Cleansing hands is the easiest way to reduce the risk of spreading germs that cause infections.
To use alcohol rub, dispense a walnut-sized amount onto your hand and rub until dry before touching anything.
If you are placed on special precautions to prevent transmission of infection, the nurse will review what the staff will be doing and what your responsibilities are. You will also receive information about your condition.
A central venous catheter (line) is put into a large vein so you can get intravenous (IV) medicines, blood, fluids and/or nutrition. The line can stay in place for days or weeks.
Everyone (you and your health care team members) should cleanse their hands before and after touching the line. Health care team members will check the skin around your line sit every day for signs of infection (redness, warmth, increased drainage or pain). They will also check every day to see if the line is necessary.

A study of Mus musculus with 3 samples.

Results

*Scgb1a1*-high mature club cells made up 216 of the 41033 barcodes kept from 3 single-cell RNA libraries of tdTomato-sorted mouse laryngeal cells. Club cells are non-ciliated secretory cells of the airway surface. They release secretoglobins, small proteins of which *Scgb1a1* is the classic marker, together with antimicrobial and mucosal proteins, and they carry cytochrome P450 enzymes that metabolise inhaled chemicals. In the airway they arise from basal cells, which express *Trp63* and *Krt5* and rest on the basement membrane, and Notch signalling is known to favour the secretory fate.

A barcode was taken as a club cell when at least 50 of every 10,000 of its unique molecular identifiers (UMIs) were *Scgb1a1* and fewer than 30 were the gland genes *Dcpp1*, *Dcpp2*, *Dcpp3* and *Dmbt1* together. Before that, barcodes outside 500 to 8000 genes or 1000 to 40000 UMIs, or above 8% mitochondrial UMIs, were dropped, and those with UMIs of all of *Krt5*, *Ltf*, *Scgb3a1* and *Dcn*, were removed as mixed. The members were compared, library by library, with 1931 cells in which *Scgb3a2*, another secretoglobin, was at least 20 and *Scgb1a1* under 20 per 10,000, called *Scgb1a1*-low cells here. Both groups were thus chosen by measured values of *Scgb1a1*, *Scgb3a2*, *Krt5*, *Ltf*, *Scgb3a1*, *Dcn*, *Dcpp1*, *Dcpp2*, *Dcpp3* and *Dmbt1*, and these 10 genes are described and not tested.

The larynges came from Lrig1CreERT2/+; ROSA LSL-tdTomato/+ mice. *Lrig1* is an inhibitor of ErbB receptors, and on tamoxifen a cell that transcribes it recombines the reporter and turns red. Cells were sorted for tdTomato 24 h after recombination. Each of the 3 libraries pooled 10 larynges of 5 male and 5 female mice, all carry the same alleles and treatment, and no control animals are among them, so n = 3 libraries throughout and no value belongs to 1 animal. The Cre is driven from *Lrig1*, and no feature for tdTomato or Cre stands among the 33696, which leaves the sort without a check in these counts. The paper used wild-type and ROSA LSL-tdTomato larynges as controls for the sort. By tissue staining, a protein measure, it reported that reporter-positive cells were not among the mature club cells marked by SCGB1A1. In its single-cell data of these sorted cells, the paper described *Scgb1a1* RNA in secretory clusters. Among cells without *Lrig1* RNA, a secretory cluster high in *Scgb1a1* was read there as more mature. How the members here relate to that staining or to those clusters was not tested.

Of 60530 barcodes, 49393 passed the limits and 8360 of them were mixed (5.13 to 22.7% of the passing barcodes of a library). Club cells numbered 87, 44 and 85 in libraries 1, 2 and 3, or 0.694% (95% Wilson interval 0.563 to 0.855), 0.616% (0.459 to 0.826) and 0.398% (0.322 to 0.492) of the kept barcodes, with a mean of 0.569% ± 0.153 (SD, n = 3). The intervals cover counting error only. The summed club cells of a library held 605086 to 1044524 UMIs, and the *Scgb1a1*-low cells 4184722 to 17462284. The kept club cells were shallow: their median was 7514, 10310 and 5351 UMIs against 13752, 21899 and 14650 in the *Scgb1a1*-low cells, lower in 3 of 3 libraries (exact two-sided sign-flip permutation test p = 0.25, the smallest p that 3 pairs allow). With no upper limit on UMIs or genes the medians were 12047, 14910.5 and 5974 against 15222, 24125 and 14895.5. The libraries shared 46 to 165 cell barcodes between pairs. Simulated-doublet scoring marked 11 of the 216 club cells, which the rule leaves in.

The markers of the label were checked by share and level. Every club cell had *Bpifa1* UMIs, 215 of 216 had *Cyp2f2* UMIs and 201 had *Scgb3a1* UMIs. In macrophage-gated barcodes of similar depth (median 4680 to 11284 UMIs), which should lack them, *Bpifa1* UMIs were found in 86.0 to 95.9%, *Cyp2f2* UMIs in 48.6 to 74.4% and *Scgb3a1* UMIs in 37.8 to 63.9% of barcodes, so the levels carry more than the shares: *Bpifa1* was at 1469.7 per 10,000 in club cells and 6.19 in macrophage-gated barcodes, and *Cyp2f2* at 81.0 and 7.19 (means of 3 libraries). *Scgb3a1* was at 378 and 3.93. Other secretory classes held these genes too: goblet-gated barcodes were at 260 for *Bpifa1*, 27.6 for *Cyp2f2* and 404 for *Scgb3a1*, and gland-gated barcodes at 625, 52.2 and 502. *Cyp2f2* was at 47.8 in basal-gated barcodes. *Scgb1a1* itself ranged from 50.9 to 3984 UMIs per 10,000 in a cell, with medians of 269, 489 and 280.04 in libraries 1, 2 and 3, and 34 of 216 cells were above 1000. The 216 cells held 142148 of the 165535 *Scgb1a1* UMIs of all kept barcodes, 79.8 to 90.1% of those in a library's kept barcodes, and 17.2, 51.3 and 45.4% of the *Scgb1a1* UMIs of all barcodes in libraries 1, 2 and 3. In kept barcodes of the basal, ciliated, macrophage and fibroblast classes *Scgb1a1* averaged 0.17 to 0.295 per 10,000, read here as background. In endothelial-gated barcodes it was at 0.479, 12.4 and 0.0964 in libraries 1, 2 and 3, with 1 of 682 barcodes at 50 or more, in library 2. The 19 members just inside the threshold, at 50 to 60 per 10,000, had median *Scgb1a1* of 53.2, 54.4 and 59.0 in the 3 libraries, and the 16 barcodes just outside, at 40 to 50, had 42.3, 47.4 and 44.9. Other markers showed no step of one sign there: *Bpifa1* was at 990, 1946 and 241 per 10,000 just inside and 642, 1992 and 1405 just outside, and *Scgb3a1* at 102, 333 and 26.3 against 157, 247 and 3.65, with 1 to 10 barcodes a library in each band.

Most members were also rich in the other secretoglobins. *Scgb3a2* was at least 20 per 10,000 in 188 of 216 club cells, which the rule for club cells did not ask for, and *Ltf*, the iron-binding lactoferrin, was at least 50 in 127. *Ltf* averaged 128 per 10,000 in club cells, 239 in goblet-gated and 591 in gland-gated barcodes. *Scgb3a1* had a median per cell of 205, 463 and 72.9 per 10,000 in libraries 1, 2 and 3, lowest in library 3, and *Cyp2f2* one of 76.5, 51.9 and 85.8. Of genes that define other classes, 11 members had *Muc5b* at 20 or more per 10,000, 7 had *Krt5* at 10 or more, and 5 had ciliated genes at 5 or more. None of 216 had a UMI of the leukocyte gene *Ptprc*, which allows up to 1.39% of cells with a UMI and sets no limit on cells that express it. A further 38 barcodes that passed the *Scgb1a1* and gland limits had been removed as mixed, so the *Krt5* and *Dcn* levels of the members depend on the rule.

Tell your nurse if your incision is warm, painful, red, or has increased drainage.
Your chance of infection increases the longer your catheter remains in place. Tell your nurse if the urinary catheter comes out or it you have pain, pressure, or the sudden urge to urinate.
A ventilator is a machine that helps you breathe and supplies extra oxygen to the lungs. Ventilator-associated pneumonia is a lung infection you can get while connected to the ventilator.
To prevent a lung infection:
Report concerns about safety to your nurse or to the hospital's patient representative office.
Health's Patient Education Department, How to Prevent Infections During
Your Hospital Stay, ic-ahc-33302
Information adapted from the Centers
for Disease Control and Prevention, Minnesota Department of Health, the Association for
Professionals in Infection Control and Epidemiology, the Surgical Care
Improvement Project Partnership, and the Institute for Healthcare Improvement.
You are an important part of the health care team.